1. R Beetham1,
  2. M N Fahie-Wilson1,
  3. I Holbrook1,
  4. P Thomas1,
  5. A M Ward1,
  6. I D Watson1,
  7. P R Wenham1,
  8. P A E White1
  1. 1Advisory group to UK NEQAS for CSF Proteins and Biochemistry, UK NEQAS, Department of Immunology, Sheffield S5 7YT, UK; robert.beetham{at}north-bristol.swest.nhs.uk
    1. A Cruickshank2
    1. 2Department of Biochemistry, Southern General Hospital, 1345 Govan Road, Glasgow G51 4TF, UK


      Most importantly, Dr Cruickshank concludes that, as long as a CSF sample containing up to 40 000 × 106 erythrocytes/litre is centrifuged within 15 minutes, no oxyhaemoglobin will be seen in the supernatant after centrifugation, and that within this cell count and time constraint, the presence of oxyhaemoglobin in CSF is supportive of SAH. This is entirely consistent with her in vitro data,3 although the only practical way of achieving CSF delivery within this time would appear to be by pneumatic tube, itself a cause of artefactual haemolysis.4 However, there are other in vitro data that allow for a longer time lapse before centrifugation. Thus, we know that variously 10 000 × 106 erythrocytes/litre can be left for up to 30 minutes5 and 4000 × 106 erythrocytes/litre can be left for up to 24 hours6 without oxyhaemoglobin appearing in the supernatant.

      It is when we come to in vivo work that the data are conflicting. Again, Dr Cruickshank's conclusions are consistent with her data from patients undergoing spinal anaesthesia—that red blood cell counts from < 5 to 2215 × 106/litre in CSF samples centrifuged within 40 minutes of puncture resulted in no detectable oxyhaemoglobin3—and also with data from Barrows et al.7 Such data are nevertheless at variance with those of Fahie-Wilson and Park, who found that red blood cell counts from 64 to 705 × 106/litre in CSF samples centrifuged as soon as possible after receipt resulted in significant oxyhaemoglobin detectable in the supernatant.6 This set of experiments was performed because initial observations were that many CSF specimens taken for spectrophotometry in cases of suspected SAH showed the presence of oxyhaemoglobin totally out of keeping with cell counts or time lapse before centrifugation.

      A survey of spectrophotometry findings against outcome in computed tomography negative suspected SAH from four participating centres (R Beetham et al, unpublished data, 2001) undertaken by our group has indicated that out of scans on 740 patients, 204 showed detectable oxyhaemoglobin without increased bilirubin. Thirty of these 204 patients proceeded to angiography and only two aneurysms were found. It has to be concluded that angiography in all 204 patients on the basis of the finding of oxyhaemoglobin alone would have been unwarranted when the required resource and known complication rate are considered. It is on this evidence, more in keeping with the in vitro data of Fahie-Wilson and Park than that of Cruikshank, that we make our recommendation that oxyhaemoglobin is discounted as evidence to support SAH.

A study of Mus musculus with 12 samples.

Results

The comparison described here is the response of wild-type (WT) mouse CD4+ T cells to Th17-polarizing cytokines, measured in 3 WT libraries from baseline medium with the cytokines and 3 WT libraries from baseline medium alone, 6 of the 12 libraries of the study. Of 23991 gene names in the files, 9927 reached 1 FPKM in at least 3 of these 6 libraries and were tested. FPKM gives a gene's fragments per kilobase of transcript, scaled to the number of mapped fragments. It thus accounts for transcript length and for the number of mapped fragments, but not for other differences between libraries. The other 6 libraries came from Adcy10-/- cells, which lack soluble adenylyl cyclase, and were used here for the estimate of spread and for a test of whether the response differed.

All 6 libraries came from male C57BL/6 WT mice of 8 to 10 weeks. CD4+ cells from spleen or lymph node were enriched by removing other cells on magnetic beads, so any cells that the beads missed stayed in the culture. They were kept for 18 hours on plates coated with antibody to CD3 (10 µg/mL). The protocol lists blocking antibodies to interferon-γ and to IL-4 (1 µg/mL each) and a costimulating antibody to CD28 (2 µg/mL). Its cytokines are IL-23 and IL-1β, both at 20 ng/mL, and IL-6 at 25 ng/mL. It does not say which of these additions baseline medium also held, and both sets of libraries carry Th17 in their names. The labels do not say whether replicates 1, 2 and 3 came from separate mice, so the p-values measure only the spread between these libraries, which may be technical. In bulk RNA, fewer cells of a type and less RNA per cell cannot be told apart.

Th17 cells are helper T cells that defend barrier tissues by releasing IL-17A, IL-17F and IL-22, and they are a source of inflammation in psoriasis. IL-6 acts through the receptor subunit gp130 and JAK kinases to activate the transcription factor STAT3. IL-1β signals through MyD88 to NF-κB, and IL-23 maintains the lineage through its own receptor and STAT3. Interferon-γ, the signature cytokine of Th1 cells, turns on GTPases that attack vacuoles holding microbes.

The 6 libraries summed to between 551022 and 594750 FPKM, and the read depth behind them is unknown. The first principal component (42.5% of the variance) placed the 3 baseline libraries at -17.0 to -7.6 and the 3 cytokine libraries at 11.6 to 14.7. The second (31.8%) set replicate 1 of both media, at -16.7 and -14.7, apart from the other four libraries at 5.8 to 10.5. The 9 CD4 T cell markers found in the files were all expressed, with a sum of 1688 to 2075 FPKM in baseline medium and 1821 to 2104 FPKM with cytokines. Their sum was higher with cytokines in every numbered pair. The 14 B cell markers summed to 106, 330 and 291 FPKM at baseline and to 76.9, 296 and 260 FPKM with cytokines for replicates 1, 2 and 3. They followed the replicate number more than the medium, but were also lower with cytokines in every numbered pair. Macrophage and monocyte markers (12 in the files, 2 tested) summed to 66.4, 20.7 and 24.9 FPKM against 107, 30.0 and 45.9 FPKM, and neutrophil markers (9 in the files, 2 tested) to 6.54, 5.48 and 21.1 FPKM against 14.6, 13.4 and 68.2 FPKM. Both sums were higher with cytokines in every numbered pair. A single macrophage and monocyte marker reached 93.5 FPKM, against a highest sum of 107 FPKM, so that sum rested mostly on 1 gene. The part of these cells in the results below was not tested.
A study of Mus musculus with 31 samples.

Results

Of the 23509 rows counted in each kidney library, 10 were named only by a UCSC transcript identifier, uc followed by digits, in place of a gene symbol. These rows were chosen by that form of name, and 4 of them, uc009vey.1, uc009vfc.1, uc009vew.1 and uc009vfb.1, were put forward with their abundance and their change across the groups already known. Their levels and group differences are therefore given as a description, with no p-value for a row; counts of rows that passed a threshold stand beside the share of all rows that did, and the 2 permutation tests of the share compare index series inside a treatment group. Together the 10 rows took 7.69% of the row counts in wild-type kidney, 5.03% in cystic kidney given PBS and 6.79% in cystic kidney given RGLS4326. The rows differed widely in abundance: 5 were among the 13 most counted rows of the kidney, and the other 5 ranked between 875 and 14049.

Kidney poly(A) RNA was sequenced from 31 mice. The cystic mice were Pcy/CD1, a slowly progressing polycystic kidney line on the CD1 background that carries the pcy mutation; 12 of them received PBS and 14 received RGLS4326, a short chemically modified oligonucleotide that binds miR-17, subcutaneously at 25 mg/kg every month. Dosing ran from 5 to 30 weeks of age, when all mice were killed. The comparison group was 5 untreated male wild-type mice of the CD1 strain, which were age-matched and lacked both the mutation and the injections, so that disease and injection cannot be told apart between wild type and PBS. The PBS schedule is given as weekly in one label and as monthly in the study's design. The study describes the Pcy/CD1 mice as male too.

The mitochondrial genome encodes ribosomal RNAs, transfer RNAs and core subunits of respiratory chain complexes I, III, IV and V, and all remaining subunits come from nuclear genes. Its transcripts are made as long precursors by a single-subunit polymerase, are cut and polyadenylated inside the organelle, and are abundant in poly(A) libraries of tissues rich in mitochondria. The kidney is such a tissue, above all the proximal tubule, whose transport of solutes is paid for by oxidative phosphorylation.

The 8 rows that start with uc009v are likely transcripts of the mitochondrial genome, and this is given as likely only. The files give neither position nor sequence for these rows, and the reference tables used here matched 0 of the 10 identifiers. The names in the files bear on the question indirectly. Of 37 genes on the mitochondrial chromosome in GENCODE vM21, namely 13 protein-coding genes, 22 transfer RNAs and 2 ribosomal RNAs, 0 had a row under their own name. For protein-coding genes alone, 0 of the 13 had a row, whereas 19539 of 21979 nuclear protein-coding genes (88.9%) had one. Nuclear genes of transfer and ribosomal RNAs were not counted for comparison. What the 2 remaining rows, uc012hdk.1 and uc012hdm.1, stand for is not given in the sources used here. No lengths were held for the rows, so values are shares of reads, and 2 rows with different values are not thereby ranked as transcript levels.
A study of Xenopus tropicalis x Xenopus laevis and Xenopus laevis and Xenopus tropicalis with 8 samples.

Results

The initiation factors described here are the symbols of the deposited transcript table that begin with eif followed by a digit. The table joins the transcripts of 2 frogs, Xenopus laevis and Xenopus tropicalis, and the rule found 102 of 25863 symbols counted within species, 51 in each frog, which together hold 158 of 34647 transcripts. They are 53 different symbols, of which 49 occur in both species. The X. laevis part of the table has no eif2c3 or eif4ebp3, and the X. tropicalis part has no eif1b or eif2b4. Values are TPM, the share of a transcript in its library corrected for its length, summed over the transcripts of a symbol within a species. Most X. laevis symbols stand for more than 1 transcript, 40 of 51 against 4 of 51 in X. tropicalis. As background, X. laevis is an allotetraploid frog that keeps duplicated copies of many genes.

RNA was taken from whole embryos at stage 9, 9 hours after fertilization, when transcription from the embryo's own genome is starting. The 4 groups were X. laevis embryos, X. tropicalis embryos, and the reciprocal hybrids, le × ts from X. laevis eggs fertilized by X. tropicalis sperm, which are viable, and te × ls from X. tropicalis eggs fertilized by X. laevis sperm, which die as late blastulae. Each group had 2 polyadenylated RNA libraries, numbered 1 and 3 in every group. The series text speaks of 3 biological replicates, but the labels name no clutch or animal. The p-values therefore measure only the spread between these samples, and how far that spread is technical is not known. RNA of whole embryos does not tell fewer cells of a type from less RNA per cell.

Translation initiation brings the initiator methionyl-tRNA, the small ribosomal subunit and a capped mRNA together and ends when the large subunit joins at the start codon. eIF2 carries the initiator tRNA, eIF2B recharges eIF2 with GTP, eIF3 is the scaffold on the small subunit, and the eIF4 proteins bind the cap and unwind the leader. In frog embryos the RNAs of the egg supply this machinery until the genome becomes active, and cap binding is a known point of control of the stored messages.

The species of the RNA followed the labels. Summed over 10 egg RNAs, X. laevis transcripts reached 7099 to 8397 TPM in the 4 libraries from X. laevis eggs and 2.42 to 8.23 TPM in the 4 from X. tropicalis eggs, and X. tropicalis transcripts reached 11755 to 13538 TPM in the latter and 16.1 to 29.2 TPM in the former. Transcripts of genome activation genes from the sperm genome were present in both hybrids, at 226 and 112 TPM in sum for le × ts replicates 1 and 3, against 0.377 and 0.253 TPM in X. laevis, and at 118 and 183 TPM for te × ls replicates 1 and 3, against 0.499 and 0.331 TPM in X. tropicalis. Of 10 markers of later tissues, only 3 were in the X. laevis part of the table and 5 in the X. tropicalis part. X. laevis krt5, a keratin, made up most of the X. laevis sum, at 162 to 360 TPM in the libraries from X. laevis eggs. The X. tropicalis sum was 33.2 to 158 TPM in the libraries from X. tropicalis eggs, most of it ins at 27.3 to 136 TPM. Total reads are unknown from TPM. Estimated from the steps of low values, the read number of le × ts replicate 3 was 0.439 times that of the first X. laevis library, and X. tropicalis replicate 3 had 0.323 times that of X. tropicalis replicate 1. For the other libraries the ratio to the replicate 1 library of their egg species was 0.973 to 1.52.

On a second matter, we differ on the assertion that the occurrence of bilirubin alone without oxyhaemoglobin is a rare occurrence in computed tomography negative, angiographically confirmed aneurysms. In the above series, there were 11 patients with increased bilirubin who showed aneurysms on angiography and proceeded to surgery. Two of these were negative for oxyhaemoglobin and a third demonstrated only a trace of oxyhaemoglobin (absorbance above baseline of 0.012 AU). We agree however that an increased bilirubin without oxyhaemoglobin is found more frequently in association with an increased serum bilirubin than with SAH.

      Finally, although we welcome the recommendation that non-haemorrhagic bilirubin is taken into account whenever bilirubin is detected, no mention is made of a reference range for bilirubin against which a value can be judged to be normal or abnormal. Quantitation is only of use if such a reference range is provided. We recommend the net bilirubin absorbance at 476 nm, as advocated by Chalmers,8 and provide a reference range based on angiographic outcome. It is also our experience that the correction for non-haemorrhagic bilirubin works well when the cause of the increased CSF bilirubin is an increased serum bilirubin, and less well when the serum bilirubin is normal and the cause of the increased CSF bilirubin is an increase in CSF protein.

      Our proposed guidelines are available through UKNEQAS for Immunochemistry.2 They can be accessed through www.immqas.org.uk and we recommend them to your readers.

      References

      Author's reply

      The development of proposed national guidelines on this topic is welcome.

      My principal concern regarding the guidelines proposed by the authors is their recommendation that oxyhaemoglobin is discounted as evidence to support subarachnoid haemorrhage. The authors themselves report that of the 30 patients who had haemoglobin alone detected in their cerebrospinal fluid and who proceeded to angiography, two were found to have aneurysms. In the small number of samples we receive that have few red blood cells, which are centrifuged quickly, and which show oxyhaemoglobin alone, I remain reluctant to issue a negative result.